Posted by Pedro Villalon on

Zisun Tea (紫笋茶) made Changxing famous since the Tang Dynasty, when Lu Yu (the 'Tea Saint') lived and worked in these hills. He used these local cultivars in the production of 'tribute tea coins'

Zhang Wen Hua is a farmer and a scholar, devoted to preserving old tea traditions. Her tea trees, many of which are over 80 years old, are located in a valley surrounded by mountains, covered by protected national forest. She is very happy to share tea and the culture around it.

This year, she chose to share two styles of Zisun, handcrafted with very distinct sub-cultivars.

Zisun | Jiu Keng Zao 

Jiu Ken Zao (鸠坑早 - very coarsely translated as 'dove cave early') is what most growers today use for competitions, given its particular sweetness and aroma, often described as incense-like. Zhang's 2021 Jiu Keng Zao was harvested on March 2, and features tasting notes of pine nuts and wind among the pines.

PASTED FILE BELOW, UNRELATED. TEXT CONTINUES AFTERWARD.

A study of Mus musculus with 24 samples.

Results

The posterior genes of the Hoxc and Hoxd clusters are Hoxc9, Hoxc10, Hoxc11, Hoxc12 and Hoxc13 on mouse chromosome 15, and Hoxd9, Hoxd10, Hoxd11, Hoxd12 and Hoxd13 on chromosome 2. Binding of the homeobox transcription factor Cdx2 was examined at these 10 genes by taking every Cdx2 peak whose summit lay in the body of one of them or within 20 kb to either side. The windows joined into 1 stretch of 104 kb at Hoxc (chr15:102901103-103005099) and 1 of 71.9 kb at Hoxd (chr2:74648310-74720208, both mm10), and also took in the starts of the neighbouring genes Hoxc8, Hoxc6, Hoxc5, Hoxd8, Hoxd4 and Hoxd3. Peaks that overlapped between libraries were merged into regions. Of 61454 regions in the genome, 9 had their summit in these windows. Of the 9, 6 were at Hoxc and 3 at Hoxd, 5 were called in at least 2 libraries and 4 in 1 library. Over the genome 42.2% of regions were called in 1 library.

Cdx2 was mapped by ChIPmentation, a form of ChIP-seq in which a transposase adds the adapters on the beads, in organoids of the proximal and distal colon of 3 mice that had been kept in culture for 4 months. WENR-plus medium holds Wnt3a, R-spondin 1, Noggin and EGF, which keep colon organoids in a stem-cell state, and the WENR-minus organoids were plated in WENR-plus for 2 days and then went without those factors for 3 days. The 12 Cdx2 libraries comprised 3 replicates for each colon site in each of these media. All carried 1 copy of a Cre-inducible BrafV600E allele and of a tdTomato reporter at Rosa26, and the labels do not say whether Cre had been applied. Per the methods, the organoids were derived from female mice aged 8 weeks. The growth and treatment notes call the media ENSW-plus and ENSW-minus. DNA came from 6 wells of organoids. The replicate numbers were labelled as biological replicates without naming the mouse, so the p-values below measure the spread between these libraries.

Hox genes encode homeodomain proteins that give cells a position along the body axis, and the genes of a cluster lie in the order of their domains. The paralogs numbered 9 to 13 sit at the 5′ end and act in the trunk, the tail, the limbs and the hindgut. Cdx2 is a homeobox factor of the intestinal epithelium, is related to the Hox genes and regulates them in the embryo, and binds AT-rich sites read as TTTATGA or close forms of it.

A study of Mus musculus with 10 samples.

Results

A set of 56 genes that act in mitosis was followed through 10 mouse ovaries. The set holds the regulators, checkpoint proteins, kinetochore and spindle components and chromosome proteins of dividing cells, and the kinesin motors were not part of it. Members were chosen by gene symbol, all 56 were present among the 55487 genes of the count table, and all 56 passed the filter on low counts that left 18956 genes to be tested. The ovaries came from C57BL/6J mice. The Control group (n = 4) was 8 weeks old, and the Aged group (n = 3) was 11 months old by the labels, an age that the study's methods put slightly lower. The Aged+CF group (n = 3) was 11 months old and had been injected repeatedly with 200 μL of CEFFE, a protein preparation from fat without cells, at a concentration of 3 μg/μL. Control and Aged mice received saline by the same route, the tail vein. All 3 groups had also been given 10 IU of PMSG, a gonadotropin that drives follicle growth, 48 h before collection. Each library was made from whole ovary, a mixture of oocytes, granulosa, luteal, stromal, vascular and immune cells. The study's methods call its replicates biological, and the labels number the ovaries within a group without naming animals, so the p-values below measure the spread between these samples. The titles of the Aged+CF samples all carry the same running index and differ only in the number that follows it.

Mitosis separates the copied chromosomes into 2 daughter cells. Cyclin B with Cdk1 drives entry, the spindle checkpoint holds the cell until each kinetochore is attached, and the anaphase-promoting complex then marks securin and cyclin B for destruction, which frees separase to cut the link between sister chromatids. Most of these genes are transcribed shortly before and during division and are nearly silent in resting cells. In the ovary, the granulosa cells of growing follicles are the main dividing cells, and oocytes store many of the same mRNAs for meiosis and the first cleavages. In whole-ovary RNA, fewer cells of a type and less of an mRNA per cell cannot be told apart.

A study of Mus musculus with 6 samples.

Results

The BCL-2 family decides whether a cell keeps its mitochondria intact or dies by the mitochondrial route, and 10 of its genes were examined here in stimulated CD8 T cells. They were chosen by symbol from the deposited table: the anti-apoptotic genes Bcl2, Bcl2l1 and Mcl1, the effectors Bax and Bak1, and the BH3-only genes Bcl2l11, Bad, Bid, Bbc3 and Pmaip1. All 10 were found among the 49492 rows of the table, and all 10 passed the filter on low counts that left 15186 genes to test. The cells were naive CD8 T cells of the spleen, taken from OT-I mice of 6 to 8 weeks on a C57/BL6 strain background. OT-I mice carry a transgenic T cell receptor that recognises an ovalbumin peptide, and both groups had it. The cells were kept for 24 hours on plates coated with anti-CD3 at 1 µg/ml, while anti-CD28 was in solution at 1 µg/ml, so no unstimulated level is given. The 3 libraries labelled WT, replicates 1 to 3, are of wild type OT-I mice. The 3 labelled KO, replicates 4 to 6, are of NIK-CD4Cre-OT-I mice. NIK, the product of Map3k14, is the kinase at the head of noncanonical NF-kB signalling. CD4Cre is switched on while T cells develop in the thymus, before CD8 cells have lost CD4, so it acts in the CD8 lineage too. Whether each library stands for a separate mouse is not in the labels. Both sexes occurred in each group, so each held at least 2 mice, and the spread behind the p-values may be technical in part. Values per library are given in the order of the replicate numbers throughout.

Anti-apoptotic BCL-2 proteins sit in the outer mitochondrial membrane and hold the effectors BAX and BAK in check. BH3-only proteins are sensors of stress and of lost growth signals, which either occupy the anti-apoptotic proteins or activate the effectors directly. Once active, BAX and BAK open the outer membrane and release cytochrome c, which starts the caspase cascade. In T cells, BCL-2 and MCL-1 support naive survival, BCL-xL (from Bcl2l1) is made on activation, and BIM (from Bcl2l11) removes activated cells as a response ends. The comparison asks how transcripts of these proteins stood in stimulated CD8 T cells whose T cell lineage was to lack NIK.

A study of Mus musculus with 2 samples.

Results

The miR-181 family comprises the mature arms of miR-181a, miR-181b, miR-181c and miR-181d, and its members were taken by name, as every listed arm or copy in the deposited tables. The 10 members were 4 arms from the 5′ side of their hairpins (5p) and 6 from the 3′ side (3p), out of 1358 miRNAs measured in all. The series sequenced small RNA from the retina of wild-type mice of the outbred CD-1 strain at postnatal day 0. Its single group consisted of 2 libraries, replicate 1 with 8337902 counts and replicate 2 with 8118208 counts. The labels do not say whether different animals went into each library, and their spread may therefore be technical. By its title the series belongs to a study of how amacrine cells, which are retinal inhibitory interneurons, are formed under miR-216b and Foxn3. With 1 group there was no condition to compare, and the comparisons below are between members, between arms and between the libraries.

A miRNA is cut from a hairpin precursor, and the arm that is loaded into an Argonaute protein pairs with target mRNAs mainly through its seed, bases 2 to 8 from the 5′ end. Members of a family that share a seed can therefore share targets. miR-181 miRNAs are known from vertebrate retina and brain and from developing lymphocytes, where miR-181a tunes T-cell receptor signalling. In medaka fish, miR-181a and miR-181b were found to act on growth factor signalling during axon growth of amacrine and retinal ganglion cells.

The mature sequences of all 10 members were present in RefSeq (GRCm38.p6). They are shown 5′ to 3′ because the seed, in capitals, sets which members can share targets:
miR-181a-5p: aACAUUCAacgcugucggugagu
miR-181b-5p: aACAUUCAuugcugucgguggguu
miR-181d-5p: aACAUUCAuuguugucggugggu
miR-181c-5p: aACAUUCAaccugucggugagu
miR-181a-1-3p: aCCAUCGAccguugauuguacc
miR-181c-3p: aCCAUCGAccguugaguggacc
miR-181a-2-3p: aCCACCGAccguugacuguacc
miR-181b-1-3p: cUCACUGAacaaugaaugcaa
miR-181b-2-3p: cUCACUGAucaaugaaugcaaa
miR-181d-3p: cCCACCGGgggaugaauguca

Zisun | Ying Shuang

Yin Shuang (迎霜 - coarsely translated as 'welcome the frost') is brighter and greener that its Jiu Keng Zao counterpart, with mild yet very pleasant astringency. Zhang's 2021 Yin Huang was harvested on March 23, and features tasting notes of sunflowers seeds and hints of lime peel. 


We recommend using a glass beaker; this method requires awareness throughout a few minutes, but allows you to enjoy the beautiful tea leaves in many ways.

In a beaker with 3g of tea, add enough water at 85ºC to cover the leaves completely and swirl lightly.  This is a very good moment to appreciate the aroma of the leaves.  After perhaps 45 seconds, when the leaves are hydrated, add another 180 ml of hot water (also ~85ºC).  Allow the tea to brew for another 3 minutes.  

Decant slowly into your cup, leaving perhaps 25% of the liquid in your beaker; you may get a leaf or two in your cup; eat them.  

Please refill your beaker, this time with boiling water, to enjoy another steep. You may repeat this process 3-4 times.